Children w/ Bipolar - page 2
My neighbor's son has been dx with bipolar at the age of 7. She has been told that he is a rapid cycler and now he has a comorbid dx of oppositional defiant disorder which I question because he... Read More
Nov 21, '02Occupation: RN Med/Surg Joined: Jul '02; Posts: 44; Likes: 1There is a difference between cooped-up highly intelligent kids, working off energy and the kid who starts having delusions w/occasional hallucinations. There are actual mental illnesses people!! You can't go around saying that if only parents would do a better job everything will be okay. I'm sure that there are instances of misdiagnosis and overmedication...but please have an open mind and realize what you put parents through when you are so ready to say that it's all the parent's fault when something goes wrong.
Nov 21, '02Occupation: RN- ICU, PACU Joined: Jan '02; Posts: 102; Likes: 1Chicory, I couldnt have said it better.
Clive, I understand that about intelligent people. Did you not read my original post? This kid was suicidal. I dont think it was because he was frustrated and bored. I was merely echoing the mother when I said 'she thought he would grow up to be an engineer' and her sadness of now having to get a tutor for him when just last year she was hoping he would go to a magnet school. I know of an excellent cardiologist who is bipolar and I told her about him. I tell her anything positive I hear because she admits to feeling hopeless sometimes.
So although I initially was offended by your post, I now see you were probably only playing devils advocate and having hope for the little guy. Like I do. I only WISH it was what you described.
Nov 23, '02Occupation: Lecturer Joined: Nov '02; Posts: 78; Likes: 1chicory - I'm not doubting that this kid is distressed. Nor am I doubting that the parents are trying to do their best. What disturbs me is the thought that children could be diagnosed with what are basically adult disorders, by what are adult criteria for diagnosis. I think, when it comes to kids, there are so many variables - developmental, environmental &c &c - that it ill behoves us (by which I mean mental health professionals) to pathologise their behaviour and medicate it away without thoroughly exploring other possible explanations for their distress.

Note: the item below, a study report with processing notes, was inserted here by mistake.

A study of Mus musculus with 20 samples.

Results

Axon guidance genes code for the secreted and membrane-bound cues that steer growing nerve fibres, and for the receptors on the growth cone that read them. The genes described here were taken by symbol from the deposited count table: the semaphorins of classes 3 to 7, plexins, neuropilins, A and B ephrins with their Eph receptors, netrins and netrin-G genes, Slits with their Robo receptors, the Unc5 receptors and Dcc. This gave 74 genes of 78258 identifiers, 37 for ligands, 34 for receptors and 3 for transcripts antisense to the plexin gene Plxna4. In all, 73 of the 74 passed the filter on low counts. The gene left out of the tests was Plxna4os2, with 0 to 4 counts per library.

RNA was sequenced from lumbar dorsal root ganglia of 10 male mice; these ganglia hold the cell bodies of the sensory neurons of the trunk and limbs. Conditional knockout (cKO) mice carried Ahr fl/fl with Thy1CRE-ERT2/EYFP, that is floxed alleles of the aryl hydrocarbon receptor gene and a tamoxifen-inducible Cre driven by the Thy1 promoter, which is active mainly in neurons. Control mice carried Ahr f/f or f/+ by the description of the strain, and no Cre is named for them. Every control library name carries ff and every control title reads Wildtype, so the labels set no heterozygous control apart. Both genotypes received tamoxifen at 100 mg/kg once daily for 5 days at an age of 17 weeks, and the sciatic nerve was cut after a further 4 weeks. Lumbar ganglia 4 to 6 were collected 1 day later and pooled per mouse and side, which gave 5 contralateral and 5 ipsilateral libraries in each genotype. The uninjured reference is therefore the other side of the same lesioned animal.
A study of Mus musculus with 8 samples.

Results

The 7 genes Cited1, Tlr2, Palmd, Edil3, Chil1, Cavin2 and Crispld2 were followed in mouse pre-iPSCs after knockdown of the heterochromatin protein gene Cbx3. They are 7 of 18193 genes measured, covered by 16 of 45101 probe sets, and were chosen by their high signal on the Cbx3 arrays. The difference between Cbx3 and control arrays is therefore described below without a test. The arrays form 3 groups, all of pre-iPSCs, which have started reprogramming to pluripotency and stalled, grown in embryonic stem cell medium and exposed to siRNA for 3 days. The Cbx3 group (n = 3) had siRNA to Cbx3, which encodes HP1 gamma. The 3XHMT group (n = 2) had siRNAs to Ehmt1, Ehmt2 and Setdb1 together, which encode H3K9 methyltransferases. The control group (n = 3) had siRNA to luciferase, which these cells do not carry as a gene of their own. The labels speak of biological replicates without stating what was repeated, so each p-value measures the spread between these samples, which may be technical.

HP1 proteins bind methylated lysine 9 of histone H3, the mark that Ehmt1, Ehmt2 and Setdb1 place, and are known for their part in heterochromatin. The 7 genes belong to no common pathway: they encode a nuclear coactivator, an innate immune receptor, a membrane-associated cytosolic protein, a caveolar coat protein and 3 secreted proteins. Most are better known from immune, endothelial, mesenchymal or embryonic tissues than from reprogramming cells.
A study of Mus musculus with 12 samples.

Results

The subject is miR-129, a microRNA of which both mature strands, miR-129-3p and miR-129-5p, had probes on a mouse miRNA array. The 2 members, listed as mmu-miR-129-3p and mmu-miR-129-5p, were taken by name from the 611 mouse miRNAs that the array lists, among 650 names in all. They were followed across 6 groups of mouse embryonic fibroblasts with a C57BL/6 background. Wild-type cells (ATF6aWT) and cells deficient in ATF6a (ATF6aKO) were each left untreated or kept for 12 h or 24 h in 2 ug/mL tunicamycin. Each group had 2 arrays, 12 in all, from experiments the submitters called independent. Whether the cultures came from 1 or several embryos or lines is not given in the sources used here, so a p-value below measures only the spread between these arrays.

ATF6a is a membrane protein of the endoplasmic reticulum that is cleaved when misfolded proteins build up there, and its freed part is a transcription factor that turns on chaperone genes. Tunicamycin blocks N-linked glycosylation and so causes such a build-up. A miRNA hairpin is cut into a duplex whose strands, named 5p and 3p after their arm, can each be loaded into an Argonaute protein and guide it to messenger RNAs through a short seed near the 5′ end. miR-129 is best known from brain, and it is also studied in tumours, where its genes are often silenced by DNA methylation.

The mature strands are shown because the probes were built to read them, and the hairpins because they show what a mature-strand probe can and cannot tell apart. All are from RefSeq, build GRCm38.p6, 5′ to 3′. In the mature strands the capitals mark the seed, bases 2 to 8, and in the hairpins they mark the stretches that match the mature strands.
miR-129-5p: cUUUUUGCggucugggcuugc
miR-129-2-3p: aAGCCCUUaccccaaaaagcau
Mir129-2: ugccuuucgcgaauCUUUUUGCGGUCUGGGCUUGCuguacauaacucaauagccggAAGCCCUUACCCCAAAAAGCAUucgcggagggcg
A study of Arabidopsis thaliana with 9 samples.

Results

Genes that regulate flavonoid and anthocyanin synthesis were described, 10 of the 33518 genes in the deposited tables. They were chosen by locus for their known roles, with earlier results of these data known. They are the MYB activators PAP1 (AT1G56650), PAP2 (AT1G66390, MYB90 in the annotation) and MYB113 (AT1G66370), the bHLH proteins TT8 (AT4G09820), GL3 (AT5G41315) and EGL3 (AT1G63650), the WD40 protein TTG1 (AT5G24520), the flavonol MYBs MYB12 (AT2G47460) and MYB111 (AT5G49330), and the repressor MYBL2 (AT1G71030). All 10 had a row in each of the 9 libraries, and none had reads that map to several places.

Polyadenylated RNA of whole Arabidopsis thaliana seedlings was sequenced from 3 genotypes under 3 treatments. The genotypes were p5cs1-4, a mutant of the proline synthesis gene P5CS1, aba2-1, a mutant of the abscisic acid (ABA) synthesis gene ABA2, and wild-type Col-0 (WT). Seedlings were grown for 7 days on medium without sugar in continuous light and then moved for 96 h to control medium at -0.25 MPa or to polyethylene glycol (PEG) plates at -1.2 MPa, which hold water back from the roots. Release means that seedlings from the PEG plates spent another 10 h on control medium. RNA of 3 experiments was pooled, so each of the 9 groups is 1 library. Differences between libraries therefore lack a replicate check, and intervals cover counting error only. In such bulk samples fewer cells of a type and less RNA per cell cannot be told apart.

Rhon - that's exactly it: "having hope for the little guy". Being labelled with a diagnosis of B.A.D. at this age seems so damaging.Last edit by CliveUK on Nov 23, '02
Dec 12, '02Occupation: L&D RN Joined: Jul '02; Posts: 75Very interesting, both threads actually. My 4 yo was "diagnosed" as bipolar yesterday. Her dad is bipolar and so are several members of his family.
Dec 19, '02Occupation: run a private group home Joined: Jul '02; Posts: 144Rhon1991,
You have my support 100%! This mother definately needs support from the system. She has the RIGHT to know what is going on with her child!
As a mother of three special needs kids, we have had to fight for the information at times. Now when I take the kids to a psych. for their meds, I get a copy of his report before I leave. They are MY kids! We recently moved to New Mexico, and since two of my kids are non-verbal, there is NOT ONE psych. in the state that will treat them...thank goodness their primary care doctor has agreed to continue their meds.
Mental illness is such a vague scary thing to have to deal with. Our 15 yo has Down's Syndrome, Autism and Dementia.....she has an IQ of less than 20 at her last testing. I love this little girl, but had to grieve the loss of the little girl we adopted at 3 years of age. That little girl who laughed, talked a little is gone, never to return.
Your friend is fortunate to have you advocating for her. I would imagine with her education there is an additional stigma with having a mentally ill child.
I would definately see who can be an additional advocate for the child. I'm not sure, but could a Guardian Ad Litem be procured for the child? There needs to be more communication with the parents. Sometimes as a parent, we have to MAKE the professionals listen and respect OUR authority on OUR child. We are the one that have to clean up their mistakes and we are responsible for the welfare of our children, as best we can.
I mainly wanted to thank you for your friendship and support for this woman and her family.
God bless you!
Dec 19, '02Occupation: Psychiatric Research Joined: Aug '02; Posts: 1,467; Likes: 6Originally posted by Rhon1991
What I didnt find helpful was the thought that these kids have these problems due to bad parenting.
An simple example of this would be a sensitive, timid child who has parents who are high energy people who love to argue, want lots of differnet stimuli (travel, TV, visitors).
Some kids will do well in any environment. Some kids will only do well in one particular environment. Some kids will do better in a high energy environment, some in a restrained environment, some need more attention, some need less; some need more rules, some need more; what works for one kid in a family may not work for another.
If the problem can be solved without medication, the child and parents are better off in the long run.
Plus I have been told that sometimes depression or anixety in children manifests as mania-like symptoms. Children handle emotional problems much differently than adults...which is why they are more difficult to diagnose. However, in order for insurance to pay, sometimes you MUST have a diagnosis. Any psych diagnosis given a child should be revisited at some later date so the kid isn't stuck with it for life.